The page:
Could a future Huawei phone borrow the Samsung Galaxy A80's key feature?


The patents, filed in China and picked up by TechSmarti, show three front snappers nestled in a chunky notch over the screen's display, as well as several sketches that show different ways a three-camera rear setup could be arranged.

In the image showing the front of the device, a home button can be seen – this doesn't mean Huawei is planning to bring back physical buttons, as it could just be a way of indicating where the in-screen fingerprint scanner is, or just a stock 'smartphone' sketch used simply to contextualize the location of the top notch.

It's the rear camera images that have us questioning the patent though – while some of them show designs similar to other Huawei devices, in particular the Huawei P30, some of them look very different, which causes us to doubt the reliability of the patents.

Huawei phones have traditionally had vertical camera arrays, both in the P and Mate series (although the Huawei Mate 20 had a square setup) – which means we'd be very surprised if the horizontal three snapper design came to be.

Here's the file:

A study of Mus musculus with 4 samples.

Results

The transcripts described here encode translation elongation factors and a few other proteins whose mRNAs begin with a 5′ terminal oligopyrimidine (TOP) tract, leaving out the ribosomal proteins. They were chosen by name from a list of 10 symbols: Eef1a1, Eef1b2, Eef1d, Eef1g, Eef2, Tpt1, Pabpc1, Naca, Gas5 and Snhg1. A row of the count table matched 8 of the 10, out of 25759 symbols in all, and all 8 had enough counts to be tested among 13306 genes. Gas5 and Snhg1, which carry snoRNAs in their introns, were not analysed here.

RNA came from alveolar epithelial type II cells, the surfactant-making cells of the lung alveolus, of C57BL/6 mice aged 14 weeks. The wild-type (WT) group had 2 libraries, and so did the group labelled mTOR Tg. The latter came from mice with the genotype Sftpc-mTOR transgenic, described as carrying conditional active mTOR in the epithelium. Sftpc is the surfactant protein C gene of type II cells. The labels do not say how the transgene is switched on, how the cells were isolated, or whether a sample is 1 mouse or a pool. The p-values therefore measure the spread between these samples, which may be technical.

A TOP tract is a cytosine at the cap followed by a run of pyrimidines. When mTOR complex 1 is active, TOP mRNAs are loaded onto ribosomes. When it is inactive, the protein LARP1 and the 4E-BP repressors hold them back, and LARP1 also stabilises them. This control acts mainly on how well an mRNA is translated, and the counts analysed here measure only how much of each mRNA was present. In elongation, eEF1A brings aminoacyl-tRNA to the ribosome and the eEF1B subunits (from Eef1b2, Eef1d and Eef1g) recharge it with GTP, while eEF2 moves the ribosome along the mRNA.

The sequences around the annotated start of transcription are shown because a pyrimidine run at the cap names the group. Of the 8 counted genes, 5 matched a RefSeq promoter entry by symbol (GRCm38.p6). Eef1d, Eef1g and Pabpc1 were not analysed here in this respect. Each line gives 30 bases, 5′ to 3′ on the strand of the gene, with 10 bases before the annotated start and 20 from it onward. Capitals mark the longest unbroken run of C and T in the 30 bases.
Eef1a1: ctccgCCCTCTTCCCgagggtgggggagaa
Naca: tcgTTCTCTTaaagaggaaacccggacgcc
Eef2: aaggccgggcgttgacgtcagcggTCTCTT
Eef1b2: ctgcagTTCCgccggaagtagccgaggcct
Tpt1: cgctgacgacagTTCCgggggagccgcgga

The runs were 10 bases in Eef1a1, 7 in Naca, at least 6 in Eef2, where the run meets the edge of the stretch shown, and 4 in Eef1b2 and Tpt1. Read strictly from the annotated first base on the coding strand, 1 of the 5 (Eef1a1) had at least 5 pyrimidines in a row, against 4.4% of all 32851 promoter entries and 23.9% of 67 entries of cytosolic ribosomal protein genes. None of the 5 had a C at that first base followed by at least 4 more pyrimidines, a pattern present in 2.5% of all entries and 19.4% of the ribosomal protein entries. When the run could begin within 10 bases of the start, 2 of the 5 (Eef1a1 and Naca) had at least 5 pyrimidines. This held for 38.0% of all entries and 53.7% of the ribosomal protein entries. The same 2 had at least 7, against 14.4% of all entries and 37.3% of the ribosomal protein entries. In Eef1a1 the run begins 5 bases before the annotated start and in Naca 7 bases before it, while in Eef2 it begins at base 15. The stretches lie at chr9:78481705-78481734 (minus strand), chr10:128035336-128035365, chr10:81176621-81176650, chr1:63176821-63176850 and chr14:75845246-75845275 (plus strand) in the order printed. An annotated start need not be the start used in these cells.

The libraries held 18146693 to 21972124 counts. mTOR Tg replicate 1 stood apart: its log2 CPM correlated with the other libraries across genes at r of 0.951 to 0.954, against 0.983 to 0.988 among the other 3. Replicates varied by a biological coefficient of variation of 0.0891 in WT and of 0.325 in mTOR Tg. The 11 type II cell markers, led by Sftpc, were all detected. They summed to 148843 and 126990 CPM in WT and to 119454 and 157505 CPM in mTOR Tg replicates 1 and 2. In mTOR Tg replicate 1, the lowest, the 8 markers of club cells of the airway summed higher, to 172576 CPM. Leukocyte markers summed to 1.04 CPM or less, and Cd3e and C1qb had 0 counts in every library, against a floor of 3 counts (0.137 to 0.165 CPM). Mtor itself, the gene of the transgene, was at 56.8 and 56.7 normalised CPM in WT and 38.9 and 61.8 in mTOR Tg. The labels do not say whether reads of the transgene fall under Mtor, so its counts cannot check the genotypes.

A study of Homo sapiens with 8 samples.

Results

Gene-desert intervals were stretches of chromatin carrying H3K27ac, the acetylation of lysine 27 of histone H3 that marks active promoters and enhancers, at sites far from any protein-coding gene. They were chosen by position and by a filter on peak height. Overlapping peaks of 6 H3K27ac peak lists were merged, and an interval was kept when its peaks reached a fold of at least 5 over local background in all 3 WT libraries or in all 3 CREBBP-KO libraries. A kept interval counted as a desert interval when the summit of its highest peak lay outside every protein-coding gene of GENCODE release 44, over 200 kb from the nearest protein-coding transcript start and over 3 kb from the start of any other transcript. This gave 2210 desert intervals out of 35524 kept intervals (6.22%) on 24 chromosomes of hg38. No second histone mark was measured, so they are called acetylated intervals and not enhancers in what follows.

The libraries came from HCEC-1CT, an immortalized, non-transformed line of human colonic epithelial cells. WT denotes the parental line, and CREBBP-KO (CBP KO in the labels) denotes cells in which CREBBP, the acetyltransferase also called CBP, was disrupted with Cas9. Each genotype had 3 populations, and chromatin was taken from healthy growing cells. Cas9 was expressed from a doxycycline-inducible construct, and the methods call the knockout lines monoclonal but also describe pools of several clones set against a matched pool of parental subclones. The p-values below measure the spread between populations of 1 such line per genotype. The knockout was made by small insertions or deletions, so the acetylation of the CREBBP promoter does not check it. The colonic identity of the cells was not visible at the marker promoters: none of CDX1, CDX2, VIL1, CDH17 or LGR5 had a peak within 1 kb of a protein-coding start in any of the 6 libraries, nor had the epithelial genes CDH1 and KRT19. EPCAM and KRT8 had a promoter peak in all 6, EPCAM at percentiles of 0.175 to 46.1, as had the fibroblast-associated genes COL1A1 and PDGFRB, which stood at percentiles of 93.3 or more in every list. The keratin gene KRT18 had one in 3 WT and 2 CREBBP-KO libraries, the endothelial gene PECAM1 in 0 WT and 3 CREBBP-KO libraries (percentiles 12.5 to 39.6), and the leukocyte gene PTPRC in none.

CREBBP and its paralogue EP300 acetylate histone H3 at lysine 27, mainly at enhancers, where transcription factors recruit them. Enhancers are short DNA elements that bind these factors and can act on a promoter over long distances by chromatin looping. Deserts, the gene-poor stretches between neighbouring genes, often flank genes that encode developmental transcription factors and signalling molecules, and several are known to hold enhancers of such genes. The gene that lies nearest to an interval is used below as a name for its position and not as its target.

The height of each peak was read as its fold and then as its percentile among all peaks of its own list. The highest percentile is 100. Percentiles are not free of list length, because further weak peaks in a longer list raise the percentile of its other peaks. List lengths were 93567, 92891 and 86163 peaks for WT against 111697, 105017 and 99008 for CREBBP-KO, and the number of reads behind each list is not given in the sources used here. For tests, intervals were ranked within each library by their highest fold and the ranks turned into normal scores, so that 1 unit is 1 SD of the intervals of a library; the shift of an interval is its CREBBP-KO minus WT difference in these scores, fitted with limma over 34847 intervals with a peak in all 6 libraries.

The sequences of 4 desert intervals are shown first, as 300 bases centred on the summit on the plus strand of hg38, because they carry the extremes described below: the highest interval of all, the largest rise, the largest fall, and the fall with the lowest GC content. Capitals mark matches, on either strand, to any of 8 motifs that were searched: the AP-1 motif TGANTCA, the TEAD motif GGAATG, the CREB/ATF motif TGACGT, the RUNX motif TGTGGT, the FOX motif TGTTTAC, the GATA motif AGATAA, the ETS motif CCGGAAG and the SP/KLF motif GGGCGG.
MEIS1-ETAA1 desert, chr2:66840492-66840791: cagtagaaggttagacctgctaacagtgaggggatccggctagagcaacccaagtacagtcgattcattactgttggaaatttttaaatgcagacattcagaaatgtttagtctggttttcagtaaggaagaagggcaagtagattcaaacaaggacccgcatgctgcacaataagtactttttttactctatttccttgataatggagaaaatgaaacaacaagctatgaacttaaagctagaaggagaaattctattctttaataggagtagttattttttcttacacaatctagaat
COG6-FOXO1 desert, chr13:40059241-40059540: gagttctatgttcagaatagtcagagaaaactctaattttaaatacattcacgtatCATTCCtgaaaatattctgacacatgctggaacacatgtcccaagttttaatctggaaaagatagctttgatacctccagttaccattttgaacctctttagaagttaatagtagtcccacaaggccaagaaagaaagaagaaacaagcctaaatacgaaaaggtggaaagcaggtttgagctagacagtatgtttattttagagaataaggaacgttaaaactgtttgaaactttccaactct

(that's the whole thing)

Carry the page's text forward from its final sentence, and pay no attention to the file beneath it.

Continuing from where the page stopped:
Of course this could be the genesis of a new range of Huawei phones, but with the upcoming launch of the Huawei Mate X, the company likely has its plate full with phone launches for now.

Companies often file many patents that never see the light of day, so we're not expecting to see phones that look like the patents any time soon, but you can check back to TechRadar for all the latest phones news and reviews anyway.

Tom Bedford

Tom Bedford was deputy phones editor on TechRadar until late 2022, having worked his way up from staff writer. Though he specialized in phones and tablets, he also took on other tech like electric scooters, smartwatches, fitness, mobile gaming and more. He is based in London, UK and now works for the entertainment site What To Watch.

He graduated in American Literature and Creative Writing from the University of East Anglia. Prior to working on TechRadar, he freelanced in tech, gaming and entertainment, and also spent many years working as a mixologist. He also currently works in film as a screenwriter, director and producer.